October 26, 2011
–The Asahi Shimbun, Oct. 26
EDITORIAL: Spending review needed for nuclear-related subsidies
If the Yoshihiko Noda administration is serious about weaning the nation off nuclear power generation, one of the biggest issues it must address is its relationship with local governments with jurisdiction over the nuclear power plants.
The oil shocks of the 1970s propelled Japan toward greater dependence on nuclear energy.
Many of the municipalities that agreed to host nuclear plants were experiencing population drains and had no local industry to speak of.
For taking in what nobody else wanted in their backyards, the municipalities were “rewarded” with huge amounts of government subsidies, even while the plants were still in the planning stages.
Roads and public gymnasiums sprang up, funded by the subsidies and property tax revenues.
And from 2003, the municipalities became able to spend their incomes in “soft” fields, such as supporting community activities and footing hospital personnel expenses.
As their finances grew stronger, so did their dependence on the nuclear industry.
In some municipalities, nuclear-related revenues make up more than 60 percent of the general account.
But the March disaster at the Fukushima No. 1 plant has changed things.
The town of Namie and the city of Minami-Soma in Fukushima Prefecture, where Tohoku Electric Power Co. has plans to build nuclear plants, have decided to decline government subsidies for the current fiscal year.
And in Ibaraki Prefecture, the head of Tokaimura village–the site of Japan’s first nuclear power plant–has recommended to the government that the Tokai No. 2 plant be decommissioned.
This is the first case of a local administrative body voluntarily seeking to end its financial dependence on the nuclear industry.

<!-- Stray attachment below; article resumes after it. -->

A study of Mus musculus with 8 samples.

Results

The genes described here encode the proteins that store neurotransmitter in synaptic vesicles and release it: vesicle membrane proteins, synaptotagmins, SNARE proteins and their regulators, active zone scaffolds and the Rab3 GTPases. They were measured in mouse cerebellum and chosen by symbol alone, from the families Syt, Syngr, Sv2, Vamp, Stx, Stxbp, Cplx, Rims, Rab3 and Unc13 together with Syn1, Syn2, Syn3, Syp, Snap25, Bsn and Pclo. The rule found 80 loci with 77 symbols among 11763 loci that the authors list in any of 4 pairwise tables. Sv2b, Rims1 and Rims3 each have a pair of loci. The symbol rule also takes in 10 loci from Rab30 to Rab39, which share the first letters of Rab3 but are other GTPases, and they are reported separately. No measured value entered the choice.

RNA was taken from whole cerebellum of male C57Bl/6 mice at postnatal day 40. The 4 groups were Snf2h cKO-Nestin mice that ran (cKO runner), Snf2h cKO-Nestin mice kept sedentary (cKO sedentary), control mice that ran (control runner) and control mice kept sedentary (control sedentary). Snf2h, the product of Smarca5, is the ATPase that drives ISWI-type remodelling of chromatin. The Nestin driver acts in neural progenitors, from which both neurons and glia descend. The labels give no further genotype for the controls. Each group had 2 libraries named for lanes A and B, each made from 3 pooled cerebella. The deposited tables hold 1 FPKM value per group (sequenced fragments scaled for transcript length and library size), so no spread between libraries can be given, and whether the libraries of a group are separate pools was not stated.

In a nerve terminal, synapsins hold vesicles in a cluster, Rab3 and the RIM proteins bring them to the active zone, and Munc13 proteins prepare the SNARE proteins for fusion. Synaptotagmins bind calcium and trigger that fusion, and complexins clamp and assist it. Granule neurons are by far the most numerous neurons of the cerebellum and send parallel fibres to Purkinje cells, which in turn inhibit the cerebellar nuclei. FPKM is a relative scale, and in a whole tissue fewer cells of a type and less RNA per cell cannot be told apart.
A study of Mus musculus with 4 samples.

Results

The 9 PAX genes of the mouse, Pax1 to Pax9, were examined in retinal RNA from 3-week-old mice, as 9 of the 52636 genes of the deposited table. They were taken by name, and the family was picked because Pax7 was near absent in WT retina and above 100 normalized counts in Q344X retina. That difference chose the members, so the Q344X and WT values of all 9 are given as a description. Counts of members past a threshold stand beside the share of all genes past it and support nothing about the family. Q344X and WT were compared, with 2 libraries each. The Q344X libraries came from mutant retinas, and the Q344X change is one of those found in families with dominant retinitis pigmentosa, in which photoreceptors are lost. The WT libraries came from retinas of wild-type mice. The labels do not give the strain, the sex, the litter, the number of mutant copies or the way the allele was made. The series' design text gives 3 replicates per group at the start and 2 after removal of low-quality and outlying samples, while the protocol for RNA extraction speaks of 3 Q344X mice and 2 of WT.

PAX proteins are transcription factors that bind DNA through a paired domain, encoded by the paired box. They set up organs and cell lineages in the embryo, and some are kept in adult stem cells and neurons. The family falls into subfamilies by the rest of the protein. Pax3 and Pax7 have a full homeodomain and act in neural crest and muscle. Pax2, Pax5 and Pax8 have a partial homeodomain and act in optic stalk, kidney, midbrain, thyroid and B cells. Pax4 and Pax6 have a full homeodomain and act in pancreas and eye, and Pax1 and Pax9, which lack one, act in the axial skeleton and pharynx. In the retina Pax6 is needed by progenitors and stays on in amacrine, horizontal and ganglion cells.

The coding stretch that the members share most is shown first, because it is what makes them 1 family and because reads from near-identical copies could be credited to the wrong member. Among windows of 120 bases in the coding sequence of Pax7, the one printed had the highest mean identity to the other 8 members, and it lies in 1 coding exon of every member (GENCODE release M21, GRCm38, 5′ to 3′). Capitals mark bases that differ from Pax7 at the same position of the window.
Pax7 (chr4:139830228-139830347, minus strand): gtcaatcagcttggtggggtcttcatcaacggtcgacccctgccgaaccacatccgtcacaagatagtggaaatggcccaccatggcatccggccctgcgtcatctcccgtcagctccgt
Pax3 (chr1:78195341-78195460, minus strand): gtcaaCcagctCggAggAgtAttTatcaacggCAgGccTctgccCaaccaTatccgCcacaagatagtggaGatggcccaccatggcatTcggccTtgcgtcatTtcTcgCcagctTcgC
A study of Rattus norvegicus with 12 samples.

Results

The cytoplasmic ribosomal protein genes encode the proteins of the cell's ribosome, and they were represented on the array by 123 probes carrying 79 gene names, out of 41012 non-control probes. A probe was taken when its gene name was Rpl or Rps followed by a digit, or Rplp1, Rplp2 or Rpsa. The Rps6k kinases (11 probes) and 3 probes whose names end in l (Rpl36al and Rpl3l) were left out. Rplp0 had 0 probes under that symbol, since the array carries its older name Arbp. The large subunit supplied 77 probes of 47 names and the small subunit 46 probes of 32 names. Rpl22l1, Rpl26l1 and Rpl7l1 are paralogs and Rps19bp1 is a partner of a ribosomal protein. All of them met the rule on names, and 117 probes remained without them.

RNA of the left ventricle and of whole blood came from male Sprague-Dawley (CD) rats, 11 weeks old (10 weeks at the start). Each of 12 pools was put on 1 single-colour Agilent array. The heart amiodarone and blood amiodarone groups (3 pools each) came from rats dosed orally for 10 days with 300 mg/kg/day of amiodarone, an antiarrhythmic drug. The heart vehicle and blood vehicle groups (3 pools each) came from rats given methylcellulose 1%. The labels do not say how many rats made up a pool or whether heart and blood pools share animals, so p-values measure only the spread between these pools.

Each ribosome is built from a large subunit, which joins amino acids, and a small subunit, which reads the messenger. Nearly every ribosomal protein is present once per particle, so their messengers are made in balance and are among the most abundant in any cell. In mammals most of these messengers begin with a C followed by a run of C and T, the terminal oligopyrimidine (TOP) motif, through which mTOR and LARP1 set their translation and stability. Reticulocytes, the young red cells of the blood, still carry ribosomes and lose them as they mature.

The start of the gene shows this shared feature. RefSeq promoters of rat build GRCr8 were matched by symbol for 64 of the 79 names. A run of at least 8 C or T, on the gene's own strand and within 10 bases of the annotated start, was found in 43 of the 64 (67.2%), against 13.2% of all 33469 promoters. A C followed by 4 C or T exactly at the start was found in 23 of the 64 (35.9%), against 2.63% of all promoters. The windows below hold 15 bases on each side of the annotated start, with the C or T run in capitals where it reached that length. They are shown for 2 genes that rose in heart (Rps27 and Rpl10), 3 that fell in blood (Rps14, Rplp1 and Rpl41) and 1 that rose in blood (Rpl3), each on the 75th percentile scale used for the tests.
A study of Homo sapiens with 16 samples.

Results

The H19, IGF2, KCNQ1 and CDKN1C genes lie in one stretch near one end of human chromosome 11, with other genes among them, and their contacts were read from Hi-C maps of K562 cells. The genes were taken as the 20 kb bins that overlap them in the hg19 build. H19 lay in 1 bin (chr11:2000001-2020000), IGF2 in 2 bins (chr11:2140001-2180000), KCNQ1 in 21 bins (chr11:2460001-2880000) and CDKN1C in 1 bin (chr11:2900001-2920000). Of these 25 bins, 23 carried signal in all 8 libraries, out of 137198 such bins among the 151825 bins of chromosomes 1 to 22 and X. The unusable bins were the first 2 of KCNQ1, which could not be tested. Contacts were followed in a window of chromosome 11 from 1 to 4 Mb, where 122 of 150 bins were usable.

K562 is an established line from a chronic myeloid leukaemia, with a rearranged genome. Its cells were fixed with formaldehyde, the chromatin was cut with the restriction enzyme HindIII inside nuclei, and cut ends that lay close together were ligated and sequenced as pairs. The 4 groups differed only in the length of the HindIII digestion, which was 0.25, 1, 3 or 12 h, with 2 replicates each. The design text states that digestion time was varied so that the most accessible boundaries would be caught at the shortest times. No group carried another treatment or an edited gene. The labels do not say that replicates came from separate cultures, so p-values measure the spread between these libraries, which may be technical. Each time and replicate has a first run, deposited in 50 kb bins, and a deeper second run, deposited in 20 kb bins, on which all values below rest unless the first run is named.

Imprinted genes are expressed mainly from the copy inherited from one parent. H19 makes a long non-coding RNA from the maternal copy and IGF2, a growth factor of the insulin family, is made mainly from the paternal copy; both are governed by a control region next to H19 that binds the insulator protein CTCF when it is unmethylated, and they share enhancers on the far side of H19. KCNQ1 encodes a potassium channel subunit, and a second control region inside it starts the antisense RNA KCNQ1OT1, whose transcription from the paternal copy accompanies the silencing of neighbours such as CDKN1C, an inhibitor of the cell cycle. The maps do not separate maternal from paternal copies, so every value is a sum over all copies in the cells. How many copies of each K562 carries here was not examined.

Other municipalities are beginning to expect eventual cuts in government subsidies and are making plans accordingly.
In switching its energy policy, the government needs to be fully receptive to these changing attitudes of local governments.
Specifically, the government needs to take a good, hard look at its subsidy system and ask itself this question: The subsidies were initially meant to promote regional development, but hasn’t the system devolved into a means of “buying off” struggling communities, which is actually counterproductive to self-government in the true sense of the term?
If this is the case, the system must be overhauled.
Some local governments are still pushing nuclear power generation,
but their neighboring municipalities are becoming increasingly cautious.
Now that conventional disaster control zones are being considered for expansion, keeping or scrapping a nuclear power plant is no longer a decision that can be left only to the community where the plant is situated.
We believe the time has come to include all communities in the vicinity in the decision-making process.
We are fully aware, of course, that any abrupt nuclear plant closure and withdrawal of government subsidies would be devastating to the regional economy.
How should the transition take place?
What role can the region play in the nation’s shift to greater energy diversity?
In order for the region to think these things through and come up with practicable solutions, the government must provide occasions for thorough debate.
And this is not something people in the big cities can shrug aside as none of their business.
After all, the government subsidies for municipalities that host nuclear power plants are financed by the so-called power resources development promotion tax, which is collected from all taxpayers as part of their electricity bills.
To review how money is being spent for nuclear power generation is to explore a new rule for the redistribution of our tax money,
and this is something all citizens need to think about.